No way! I agree with almost everything you said, but it points to an unusually clear News victory based on the picture. The cropping is so much better. Plus, the subheds!. I understand the quotes aro...
Bio: Internet and IP law professor. Expatriate New Yorker. Tom's brother.
This is the state that elected wrestler Jesse Ventura as governor on a third-party ticket. And one of our current U.S. senators played Stuart Smalley on "Saturday Night Live."
Netflix desires a particular form of social media integration.
The news today that next week’s planned floor vote on the Protect Intellectual Property Act (PIPA), Senate sibling of the controversial Stop Internet Piracy Act (SOPA) in the House of Representatives, were to be postponed indefinitely, is a big rebuke to Washington. But, more importantly, it's a watershed moment in our understanding of the way the American public instinctively views the relationship between technology and government regulation.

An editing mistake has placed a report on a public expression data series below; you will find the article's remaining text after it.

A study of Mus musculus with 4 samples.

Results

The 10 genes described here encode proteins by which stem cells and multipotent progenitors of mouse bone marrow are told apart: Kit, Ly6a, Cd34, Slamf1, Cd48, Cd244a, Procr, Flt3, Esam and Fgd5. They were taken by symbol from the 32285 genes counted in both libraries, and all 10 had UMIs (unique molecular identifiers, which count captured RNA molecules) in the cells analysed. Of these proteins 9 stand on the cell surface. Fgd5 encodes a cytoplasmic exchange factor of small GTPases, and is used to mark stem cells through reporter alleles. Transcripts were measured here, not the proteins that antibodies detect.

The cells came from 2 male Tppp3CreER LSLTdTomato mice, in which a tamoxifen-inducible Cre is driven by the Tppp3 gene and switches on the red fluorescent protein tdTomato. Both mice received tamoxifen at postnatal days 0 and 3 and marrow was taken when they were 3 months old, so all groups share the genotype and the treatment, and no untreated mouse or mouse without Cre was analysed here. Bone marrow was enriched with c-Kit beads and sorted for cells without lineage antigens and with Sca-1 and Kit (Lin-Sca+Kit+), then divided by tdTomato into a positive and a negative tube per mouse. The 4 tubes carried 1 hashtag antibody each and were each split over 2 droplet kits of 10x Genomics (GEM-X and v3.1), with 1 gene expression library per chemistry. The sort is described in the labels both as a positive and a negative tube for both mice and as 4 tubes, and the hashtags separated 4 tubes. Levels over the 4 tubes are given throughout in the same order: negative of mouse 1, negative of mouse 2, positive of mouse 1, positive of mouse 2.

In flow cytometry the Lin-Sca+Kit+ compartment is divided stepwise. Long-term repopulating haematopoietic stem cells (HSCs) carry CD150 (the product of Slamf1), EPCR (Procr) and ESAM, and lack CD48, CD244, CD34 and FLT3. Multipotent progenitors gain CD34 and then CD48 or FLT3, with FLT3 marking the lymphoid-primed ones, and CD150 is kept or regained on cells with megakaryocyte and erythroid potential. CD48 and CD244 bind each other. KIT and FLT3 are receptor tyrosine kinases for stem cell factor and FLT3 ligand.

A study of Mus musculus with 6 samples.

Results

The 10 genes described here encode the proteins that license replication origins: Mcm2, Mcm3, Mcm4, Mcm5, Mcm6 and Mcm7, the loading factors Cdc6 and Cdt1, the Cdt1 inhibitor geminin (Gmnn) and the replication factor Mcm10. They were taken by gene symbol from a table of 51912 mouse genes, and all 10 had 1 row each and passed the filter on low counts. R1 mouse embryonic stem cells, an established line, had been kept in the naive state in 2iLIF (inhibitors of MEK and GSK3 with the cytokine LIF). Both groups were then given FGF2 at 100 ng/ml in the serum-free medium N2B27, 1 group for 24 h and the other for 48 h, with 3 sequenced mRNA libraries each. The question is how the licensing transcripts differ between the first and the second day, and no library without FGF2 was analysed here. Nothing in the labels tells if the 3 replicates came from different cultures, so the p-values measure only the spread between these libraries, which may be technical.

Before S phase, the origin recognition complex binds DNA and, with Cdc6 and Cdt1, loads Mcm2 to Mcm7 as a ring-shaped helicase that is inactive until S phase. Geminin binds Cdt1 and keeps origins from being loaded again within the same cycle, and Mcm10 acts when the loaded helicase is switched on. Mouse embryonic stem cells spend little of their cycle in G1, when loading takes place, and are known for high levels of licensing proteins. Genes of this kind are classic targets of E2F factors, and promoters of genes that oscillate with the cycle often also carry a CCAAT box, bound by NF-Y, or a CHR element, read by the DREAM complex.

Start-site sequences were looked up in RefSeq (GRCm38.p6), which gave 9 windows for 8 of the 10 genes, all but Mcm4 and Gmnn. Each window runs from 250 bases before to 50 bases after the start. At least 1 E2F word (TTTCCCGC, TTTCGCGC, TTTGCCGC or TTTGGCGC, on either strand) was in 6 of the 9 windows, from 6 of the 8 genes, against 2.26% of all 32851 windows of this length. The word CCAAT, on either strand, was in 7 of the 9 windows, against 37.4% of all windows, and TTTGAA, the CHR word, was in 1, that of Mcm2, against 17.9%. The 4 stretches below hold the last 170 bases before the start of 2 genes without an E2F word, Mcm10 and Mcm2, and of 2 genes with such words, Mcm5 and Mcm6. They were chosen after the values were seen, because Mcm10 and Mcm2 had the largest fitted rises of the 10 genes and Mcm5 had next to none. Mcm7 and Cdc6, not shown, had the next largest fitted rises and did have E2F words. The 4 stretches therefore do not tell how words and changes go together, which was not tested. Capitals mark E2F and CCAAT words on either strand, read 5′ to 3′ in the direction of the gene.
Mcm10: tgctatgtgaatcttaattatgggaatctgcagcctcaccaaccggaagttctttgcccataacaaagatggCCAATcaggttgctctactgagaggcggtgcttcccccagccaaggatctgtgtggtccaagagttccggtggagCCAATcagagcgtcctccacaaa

We've now reached the Apology Stage in the current drama, with Facebook spokespersons admitting that the company mishandled introduction of the new feature. And here, as in the past, it's especially puzzling because I think "Tag Suggestions" actually sounds quite useful and raises few legitimate privacy objections.
It's been a little more than a week since Christian Louboutin, the French shoe designer who was at the forefront of the movement to bring back the four-inch heel in the early '90s, sued Gucci-owned fashion house Yves Saint-Laurent in a Manhattan federal courthouse: Since 1992, Louboutins have been known for their lacquer-red soles, and, the designer's counsel claimed, a red sole introduced by Yves Saint-Laurent violated the trademark feature he registered in the U.S. in 2007.
We talked to New York Law School's James Grimmelmann about the future of the Google Books litigation, the role Congress might take, and the notion of the Great American Digital Library.
Just before Christmas, lawyers for the artist Jeff Koons sent a “cease and desist” letter to a San Francisco gallery called Park Life, demanding that it stop selling a set of $30 bookends in the shape of balloon dogs.
It looks like Gawker just handed Sarah Palin a gift in her battle against the liberal media establishment.
Facebook is in a fight that it should never have gotten into with a parody site called Lamebook.